Fuel Flexibility

Transforming Local Windfalls into Global Trends

August 16, 2016 - By: Jeff Goldmeer, Gas Turbine Fuel Flexibility Manager

The use of fossil fuels for power generation, specifically natural gas, received a new boost with the 2015 announcement by Eni that it discovered a new supergiant gas field in the Mediterranean Sea. Initial estimates indicated that this field could have as much as 30 trillion cubic feet of natural gas. 

The deepwater deposit in the Zohr Prospect may hold 30 trillion cubic feet of gas, equivalent to 5.5 billion barrels of oil. Image credit: Eurasian Business Briefing

That’s a lot of natural gas. 

To put this into perspective, the US Energy Information Agency estimates that Egypt consumed approximately 1.96 quadrillion BTUs – or roughly 1.7 trillion cubic feet – of natural gas in 2012. So, at current rates of consumption, this would add roughly 15 years of supply to Egypt’s reserves.   

Details on the exact composition of the gas in the new field have not been released, so for now we don’t know if the field consists of mainly dry or wet gas. Wet natural gas contains a significant fraction of non-methane hydrocarbons – like ethane, propane, and butane. These other gases are sometimes labeled as natural gas liquids or NGLs. Conversely, dry gas contains little to none of these other hydrocarbons. This is important as these other gases are typically stripped from the natural gas for use in other applications.  

Why is this so important?

While we most typically think of gas turbines being fueled by traditional natural gas, they can also run on a wide range of alternative fuels. Since fuel costs are the largest annual expense for a power plant, developers and fuel suppliers have realized that having large, nearby quantities of ethane or propane is an opportunity to deliver electrical power at reduced cost.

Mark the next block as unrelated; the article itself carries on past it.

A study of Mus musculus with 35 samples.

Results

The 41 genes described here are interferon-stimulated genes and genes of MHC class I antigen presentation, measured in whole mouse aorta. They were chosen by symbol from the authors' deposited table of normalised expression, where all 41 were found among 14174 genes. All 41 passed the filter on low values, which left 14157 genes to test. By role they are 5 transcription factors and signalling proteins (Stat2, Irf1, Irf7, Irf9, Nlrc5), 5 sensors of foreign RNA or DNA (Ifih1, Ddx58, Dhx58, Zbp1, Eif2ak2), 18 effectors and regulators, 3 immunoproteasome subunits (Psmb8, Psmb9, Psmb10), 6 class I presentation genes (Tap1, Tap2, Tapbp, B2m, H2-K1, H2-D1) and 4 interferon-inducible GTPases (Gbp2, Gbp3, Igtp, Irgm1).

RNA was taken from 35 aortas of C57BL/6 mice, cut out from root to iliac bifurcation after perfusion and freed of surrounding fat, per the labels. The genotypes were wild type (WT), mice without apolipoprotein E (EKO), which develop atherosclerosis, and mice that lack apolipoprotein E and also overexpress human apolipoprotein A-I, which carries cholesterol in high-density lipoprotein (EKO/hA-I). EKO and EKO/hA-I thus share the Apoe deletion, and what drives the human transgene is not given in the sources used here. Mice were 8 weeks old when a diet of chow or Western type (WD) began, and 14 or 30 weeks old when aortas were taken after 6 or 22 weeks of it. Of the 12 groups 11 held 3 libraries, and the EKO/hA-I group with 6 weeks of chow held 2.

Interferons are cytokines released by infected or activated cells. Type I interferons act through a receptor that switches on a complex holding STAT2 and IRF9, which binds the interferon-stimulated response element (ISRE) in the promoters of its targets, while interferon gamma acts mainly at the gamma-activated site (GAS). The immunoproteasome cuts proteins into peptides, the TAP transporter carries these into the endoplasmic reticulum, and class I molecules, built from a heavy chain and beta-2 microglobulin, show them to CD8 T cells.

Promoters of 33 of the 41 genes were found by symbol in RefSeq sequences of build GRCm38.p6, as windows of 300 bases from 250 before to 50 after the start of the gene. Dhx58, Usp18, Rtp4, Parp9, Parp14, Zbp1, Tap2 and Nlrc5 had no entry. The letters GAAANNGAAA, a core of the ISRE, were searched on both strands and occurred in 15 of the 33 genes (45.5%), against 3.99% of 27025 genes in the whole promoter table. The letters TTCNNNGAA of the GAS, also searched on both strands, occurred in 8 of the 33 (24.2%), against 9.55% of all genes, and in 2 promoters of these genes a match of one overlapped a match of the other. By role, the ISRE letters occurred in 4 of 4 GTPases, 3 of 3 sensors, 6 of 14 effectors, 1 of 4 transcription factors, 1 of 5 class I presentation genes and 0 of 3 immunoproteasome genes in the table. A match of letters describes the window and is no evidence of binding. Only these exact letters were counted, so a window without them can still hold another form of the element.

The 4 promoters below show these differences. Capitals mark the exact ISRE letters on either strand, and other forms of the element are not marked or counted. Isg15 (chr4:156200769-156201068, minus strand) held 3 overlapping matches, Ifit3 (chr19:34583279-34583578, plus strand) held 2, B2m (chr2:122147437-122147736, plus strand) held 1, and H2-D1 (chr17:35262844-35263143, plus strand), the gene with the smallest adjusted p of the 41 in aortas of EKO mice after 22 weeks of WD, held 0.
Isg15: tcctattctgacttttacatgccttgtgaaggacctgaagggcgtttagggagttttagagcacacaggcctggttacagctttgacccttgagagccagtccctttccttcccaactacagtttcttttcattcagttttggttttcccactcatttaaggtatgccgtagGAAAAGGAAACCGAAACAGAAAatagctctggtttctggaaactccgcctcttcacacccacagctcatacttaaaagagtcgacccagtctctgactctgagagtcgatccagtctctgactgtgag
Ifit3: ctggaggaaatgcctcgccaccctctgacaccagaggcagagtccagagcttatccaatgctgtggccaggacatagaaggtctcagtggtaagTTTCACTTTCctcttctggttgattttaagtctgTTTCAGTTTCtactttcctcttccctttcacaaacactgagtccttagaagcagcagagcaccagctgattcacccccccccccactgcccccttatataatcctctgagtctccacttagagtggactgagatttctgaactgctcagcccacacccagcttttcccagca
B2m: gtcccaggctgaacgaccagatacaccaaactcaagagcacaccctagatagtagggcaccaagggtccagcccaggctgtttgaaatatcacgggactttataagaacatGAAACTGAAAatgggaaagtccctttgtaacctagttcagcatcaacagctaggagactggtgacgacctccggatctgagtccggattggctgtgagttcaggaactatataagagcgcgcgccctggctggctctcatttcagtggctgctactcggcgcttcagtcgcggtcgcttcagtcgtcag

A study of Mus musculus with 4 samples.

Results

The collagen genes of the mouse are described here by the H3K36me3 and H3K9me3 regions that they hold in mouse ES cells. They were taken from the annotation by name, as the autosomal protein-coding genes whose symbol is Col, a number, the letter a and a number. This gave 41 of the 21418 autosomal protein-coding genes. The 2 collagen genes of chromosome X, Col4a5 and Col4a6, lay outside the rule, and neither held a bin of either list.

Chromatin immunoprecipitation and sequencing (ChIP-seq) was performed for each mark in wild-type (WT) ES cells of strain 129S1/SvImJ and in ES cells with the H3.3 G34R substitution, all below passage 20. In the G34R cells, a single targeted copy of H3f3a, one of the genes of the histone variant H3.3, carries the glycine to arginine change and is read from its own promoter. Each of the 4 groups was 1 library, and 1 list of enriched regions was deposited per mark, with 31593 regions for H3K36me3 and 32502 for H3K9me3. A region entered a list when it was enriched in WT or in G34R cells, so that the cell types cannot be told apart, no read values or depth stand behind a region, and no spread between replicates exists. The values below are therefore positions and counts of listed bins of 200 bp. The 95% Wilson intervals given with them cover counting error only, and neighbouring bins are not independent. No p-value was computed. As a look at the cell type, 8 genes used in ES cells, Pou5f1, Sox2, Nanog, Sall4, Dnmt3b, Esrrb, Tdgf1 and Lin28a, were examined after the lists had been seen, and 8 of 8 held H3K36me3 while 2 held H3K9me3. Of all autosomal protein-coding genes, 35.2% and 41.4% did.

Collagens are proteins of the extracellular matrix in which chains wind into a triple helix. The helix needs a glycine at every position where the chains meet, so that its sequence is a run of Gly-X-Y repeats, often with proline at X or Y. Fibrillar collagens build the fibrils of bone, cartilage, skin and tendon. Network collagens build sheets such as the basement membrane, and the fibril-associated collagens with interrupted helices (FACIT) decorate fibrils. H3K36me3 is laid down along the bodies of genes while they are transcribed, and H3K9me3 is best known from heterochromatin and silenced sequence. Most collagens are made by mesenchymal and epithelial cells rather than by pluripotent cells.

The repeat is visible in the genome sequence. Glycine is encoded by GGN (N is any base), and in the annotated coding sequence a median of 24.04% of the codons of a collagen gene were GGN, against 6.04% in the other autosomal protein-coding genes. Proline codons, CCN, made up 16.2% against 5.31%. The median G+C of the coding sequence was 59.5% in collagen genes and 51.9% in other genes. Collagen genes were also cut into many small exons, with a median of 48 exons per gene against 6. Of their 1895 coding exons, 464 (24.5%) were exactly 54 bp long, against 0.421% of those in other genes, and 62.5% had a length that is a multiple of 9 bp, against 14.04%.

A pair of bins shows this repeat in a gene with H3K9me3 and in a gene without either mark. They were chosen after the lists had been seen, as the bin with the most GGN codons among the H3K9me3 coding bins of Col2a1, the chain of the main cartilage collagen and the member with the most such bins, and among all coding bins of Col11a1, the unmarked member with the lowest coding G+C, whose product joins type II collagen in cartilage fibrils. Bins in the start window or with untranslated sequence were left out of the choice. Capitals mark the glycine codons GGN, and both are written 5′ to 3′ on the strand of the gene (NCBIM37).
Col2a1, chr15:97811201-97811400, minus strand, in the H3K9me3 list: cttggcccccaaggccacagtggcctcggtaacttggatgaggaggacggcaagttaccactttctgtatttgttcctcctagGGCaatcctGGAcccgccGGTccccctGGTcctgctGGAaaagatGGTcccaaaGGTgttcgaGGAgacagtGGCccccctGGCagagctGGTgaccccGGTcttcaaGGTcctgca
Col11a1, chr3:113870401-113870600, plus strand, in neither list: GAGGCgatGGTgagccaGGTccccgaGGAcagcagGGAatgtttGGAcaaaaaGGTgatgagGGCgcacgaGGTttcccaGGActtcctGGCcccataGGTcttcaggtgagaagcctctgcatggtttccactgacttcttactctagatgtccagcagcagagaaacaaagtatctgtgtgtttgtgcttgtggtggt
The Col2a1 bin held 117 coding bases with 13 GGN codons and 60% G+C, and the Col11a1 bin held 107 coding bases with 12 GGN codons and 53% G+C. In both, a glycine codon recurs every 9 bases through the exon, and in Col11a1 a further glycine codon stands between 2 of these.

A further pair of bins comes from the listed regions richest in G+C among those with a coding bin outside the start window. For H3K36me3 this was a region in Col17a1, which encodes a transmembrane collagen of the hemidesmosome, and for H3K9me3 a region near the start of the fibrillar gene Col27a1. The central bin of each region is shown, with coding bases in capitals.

In the US, the increased availability of ethane and propane at reduced prices is creating new opportunities.  A number of companies have announced plans to build or have expanded existing facilities to be able to export ethane and/or other NGLs. For instance, earlier this year, INEOS exported 27,500m3 of US shale gas ethane, marking the first time that US shale gas has ever been imported into Europe. The import of shale gas will complement the reducing gas feed from the North Sea, and will be used in the production of plastics and/or petrochemicals.

The INEOS Intrepid, the world’s largest LNG multi-gas carrier, leaving the Marcus Hook terminal near Philadelphia, PA (US) carrying first shale shipment to Rafnes, Norway. Image credit: INEOS

The availability of ethane and NGLs is also driving interest in using these hydrocarbons in combination with natural gas for new power plants in the US. And the idea of using the non-methane components of natural gas for power generation is not limited to the United States. 

In 2013, the Virgin Islands Water and Power Authority (WAPA) announced a plan to convert a number of existing GE gas turbines to operate on liquefied propane gas (LPG), reducing fuel costs by 30%. The first shipment of LPG arrived on St. Croix in October 2015 to support commissioning of the gas turbines, which is expected to be completed later this year.  Once completed, these turbines will power the Richmond power station using propane and begin producing cleaner and cheaper electricity for customers. 

The Saudi Electric Company announcing that the Green Duba ISCC power project will use condensate as a power generation fuel is another good example of the use of alternative fuels.  (Although definitions vary, a condensate is generally an NGL recovered from a gas well.)  This announcement in early 2015 again showed the fuel capability of GE’s F-class gas turbines. 

What does this all boil down to?

The ability of gas turbines to effectively operate on newly available and abundant fuels could turn local windfalls into global trends—creating greater value for your customers.